President Bush has agreed to allow India access to civilian nuclear technology in exchange for India’s pledge to place its civilian nuclear program under international monitoring. The deal, subject to approval by the U.S. Congress and a consortium of more than 40 nuclear-technology-exporting countries, was announced during Indian Prime Minister Manmohan Singh’s high-profile visit to Washington last month. The agreement would exempt India from the rules of the Nuclear Non-Proliferation Treaty, a 187-nation pact forbidding any country outside the United States, Britain, France, Russia, and China to possess nuclear weapons.
The NPT pact, which India has refused to sign, bars sales of nuclear technology to any country that breaks the treaty or refuses to join. Critics of the agreement see India’s potential exemption from the rules as a dangerous precedent.
Speaking with host Judith Latham on VOA News Now’s International Press Club, Chidanand Rajghatta, foreign editor of the Times of India, said the benefits of allowing India into the legal nuclear trade outweigh the risks. According to Mr. Rajghatta, it is within the strategic interests of the U.S. to help India divert its energy dependence from foreign oil, mostly coming from the Middle East, to nuclear-produced fuels. Furthermore, the United States will directly profit from the sales of civilian nuclear technology and, more importantly, India could become a nuclear-armed pro-U.S. counterweight to China.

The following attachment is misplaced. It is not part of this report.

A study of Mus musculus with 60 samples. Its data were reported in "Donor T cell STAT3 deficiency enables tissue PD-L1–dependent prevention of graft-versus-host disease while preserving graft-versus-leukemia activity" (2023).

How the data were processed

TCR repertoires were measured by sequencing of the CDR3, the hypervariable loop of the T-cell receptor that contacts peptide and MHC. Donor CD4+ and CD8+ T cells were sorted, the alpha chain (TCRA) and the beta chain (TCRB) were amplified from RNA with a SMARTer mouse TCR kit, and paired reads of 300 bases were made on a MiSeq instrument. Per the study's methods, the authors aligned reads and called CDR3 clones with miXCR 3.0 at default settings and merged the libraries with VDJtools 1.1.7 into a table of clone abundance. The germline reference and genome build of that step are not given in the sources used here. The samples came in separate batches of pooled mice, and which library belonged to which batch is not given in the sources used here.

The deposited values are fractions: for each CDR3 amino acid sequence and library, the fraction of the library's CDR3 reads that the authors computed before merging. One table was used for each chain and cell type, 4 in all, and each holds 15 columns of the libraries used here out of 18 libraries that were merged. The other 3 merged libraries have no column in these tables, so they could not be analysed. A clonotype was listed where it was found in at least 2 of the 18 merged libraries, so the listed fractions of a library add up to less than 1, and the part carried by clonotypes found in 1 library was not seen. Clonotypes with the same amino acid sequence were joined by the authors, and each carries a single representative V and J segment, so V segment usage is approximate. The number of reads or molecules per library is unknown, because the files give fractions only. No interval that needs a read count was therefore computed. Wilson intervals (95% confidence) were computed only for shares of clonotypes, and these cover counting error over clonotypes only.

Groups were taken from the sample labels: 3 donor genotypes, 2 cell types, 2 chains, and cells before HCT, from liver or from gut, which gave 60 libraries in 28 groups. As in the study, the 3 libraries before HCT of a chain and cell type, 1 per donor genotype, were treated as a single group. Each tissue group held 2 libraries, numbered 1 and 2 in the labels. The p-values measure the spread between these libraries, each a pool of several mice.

But the deal is unfair to Pakistan, a country in perpetual competition with India, according to Khalid Hasan, Washington correspondent for the Daily Times, an English-language newspaper based in Lahore. Mr. Hasan said Pakistan should also be given access to civilian nuclear technology, as it is equally energy starved and has played a leading role in the war against terrorism. The difference, according to Mr. Rajghatta of the Times of India, is that India has an impeccable record of nonproliferation compared with Pakistan, which became known as the “Walmart of nuclear technology” for selling nuclear supplies to North Korea, Iran, and Libya throughout the 1990’s.
Nonetheless, Mr. Hasan said, the agreement weakens the Nuclear Non-Proliferation Treaty and generally sends a message to other countries that the treaty’s rules can be relaxed. By excluding Pakistan, but not India, from the legal nuclear trade, Mr. Hasan warned, the United States is prodding Pakistan into seeking its own nuclear accommodations. After all, Mr. Hasan said, Pakistan is “not exactly friendless.”
While the controversial agreement sets a new high-water mark in U.S.-Indian relations, Jehangir Pocha, a correspondent in China for the Boston Globe, said the United States should not take India’s friendship for granted. Considering that India and China have “close ties of mutual benefit,” Mr. Pocha said the United States needs to begin seeing India, and other emerging nations, as independent actors on an expanding world stage, and not simply as counterweights to each other in a zero-sum alliance system.